Two men sentenced Thursday for roles in 2019 killing of Catonsville Y sports director


Taylor, a director at the Y in Catonsville, was shot through his front door in West Baltimore’s Franklintown neighborhood in November 2019 while trying to prevent a break-in as his wife, Twila Taylor, called 911. The assailants mistakenly thought the Taylors had a safe inside their home.


“He was the soul of our family,” Jordan Taylor’s father, Jeff, said at the hearing.

Baltimore Circuit Court Judge Jennifer Schiffer sentenced 30-year-old Khalil Madden — who, in an April jury trial, was acquitted of murder charges but found guilty of conspiracy to commit robbery with a dangerous weapon and conspiracy to commit first-degree burglary — to 40 years in prison.


With no DNA or fingerprints left by the assailants, investigators had little to start with to solve the case. A security camera did capture a light blue Honda CR-V that fled the scene. Police looked for records of any stolen vehicles matching that description and found a blue Honda CR-V taken during a residential burglary in the 2500 block of North Calvert Street on Sept. 10, 2019, according to charging documents. Also taken during that burglary was an iPhone that Madden pawned the next day, the documents show.

Staci Pipkin, Madden’s attorney, told the judge that while Madden stole the car driven to commit the crime, he was not present the night Taylor was shot and that claim is in line with evidence.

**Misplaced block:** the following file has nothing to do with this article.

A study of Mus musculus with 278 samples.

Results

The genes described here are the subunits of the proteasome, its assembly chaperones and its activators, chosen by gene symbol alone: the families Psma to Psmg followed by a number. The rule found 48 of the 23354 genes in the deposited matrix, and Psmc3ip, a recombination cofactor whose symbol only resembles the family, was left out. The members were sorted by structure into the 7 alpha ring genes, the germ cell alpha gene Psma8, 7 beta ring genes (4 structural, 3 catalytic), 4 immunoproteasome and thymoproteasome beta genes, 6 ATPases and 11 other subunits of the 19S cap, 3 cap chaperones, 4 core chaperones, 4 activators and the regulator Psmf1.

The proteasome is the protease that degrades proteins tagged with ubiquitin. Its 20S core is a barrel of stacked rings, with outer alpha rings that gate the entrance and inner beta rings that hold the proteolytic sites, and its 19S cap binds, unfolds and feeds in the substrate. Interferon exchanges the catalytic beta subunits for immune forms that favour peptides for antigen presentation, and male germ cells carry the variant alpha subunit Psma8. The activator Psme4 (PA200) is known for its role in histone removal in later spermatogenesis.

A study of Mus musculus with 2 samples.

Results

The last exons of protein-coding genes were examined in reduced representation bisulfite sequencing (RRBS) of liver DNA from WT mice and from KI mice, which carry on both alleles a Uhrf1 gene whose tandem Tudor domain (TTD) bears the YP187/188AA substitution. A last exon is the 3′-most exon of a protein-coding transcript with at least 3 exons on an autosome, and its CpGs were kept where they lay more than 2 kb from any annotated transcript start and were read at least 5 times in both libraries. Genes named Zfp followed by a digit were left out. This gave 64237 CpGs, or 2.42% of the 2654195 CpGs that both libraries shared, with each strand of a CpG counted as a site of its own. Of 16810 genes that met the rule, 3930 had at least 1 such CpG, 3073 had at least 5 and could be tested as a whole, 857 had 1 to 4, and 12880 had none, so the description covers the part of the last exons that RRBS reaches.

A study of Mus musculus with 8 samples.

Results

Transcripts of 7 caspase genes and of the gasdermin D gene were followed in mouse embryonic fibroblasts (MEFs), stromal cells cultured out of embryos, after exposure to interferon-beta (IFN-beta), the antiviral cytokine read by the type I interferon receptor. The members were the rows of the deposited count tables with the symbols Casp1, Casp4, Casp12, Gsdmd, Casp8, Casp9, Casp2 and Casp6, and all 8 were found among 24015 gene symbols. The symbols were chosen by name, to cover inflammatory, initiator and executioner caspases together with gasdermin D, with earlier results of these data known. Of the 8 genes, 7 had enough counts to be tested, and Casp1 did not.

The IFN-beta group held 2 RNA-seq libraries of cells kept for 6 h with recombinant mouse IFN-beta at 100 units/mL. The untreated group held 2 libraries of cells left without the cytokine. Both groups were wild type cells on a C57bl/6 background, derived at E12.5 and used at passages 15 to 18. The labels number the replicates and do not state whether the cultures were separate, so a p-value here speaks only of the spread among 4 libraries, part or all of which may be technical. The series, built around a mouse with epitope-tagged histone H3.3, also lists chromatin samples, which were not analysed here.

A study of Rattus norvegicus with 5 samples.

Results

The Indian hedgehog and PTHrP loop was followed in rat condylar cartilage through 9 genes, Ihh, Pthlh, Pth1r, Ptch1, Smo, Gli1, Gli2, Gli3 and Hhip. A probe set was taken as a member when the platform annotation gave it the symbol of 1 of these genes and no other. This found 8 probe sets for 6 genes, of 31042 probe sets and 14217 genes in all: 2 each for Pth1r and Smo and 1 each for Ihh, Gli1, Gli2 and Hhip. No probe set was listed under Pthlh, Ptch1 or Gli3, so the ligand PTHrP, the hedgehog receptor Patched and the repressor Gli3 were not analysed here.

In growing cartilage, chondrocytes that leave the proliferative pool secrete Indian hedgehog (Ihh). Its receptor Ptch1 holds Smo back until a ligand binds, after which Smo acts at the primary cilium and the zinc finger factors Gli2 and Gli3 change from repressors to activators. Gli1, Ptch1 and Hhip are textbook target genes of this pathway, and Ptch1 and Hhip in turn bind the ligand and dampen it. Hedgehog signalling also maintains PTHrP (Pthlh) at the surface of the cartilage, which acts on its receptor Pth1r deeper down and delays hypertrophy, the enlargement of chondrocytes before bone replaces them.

Madden now faces a first-degree murder charge for allegedly killing an inmate while in pretrial detention, Pipkin said Thursday.

Aaron Butler, 50, was standing alongside Madden when he was handed a life sentence with an opportunity for parole after 35 years in accordance with a plea deal. Butler pleaded guilty to felony first-degree murder in April to avoid a trial.

Per state law, felony murder charges can be brought against anyone involved in a crime that results in a death, even if they didn’t pull the trigger. Andrea Jaskulsky, Butler’s attorney, said Thursday that Butler did not shoot Taylor; however, surveillance camera footage from neighbors showed Butler scouting the house in the days leading up to the attempted robbery.


Another suspect, Donta Holdclaw, was also charged in Taylor’s death, but his case was dismissed after he died last year. The fourth and last suspect, Elease Frazier, was also charged, but prosecutors dismissed her case in March 2021 for a lack of evidence.

Phone records show Butler called Madden multiple times the night of the shooting, according to charging documents, and Butler’s cellphone records indicate he was in the area of Taylor’s home when the crime occurred. In 911 calls made by Twila Taylor and played during Madden’s trial, a man can be heard shouting, “Where the safe at?”


Before sentencing, family members at the hearing explained that the Taylors did not have a safe.

“They obviously got the wrong house,” Schiffer said.

During the three-hour hearing, Taylor’s parents, brother-in-law and former co-worker all spoke about the loss for their family and community.

“His legacy and spirit are alive in countless ways,” Taylor’s mother, Julie, said while wearing a heart-shaped necklace with her son’s fingerprint.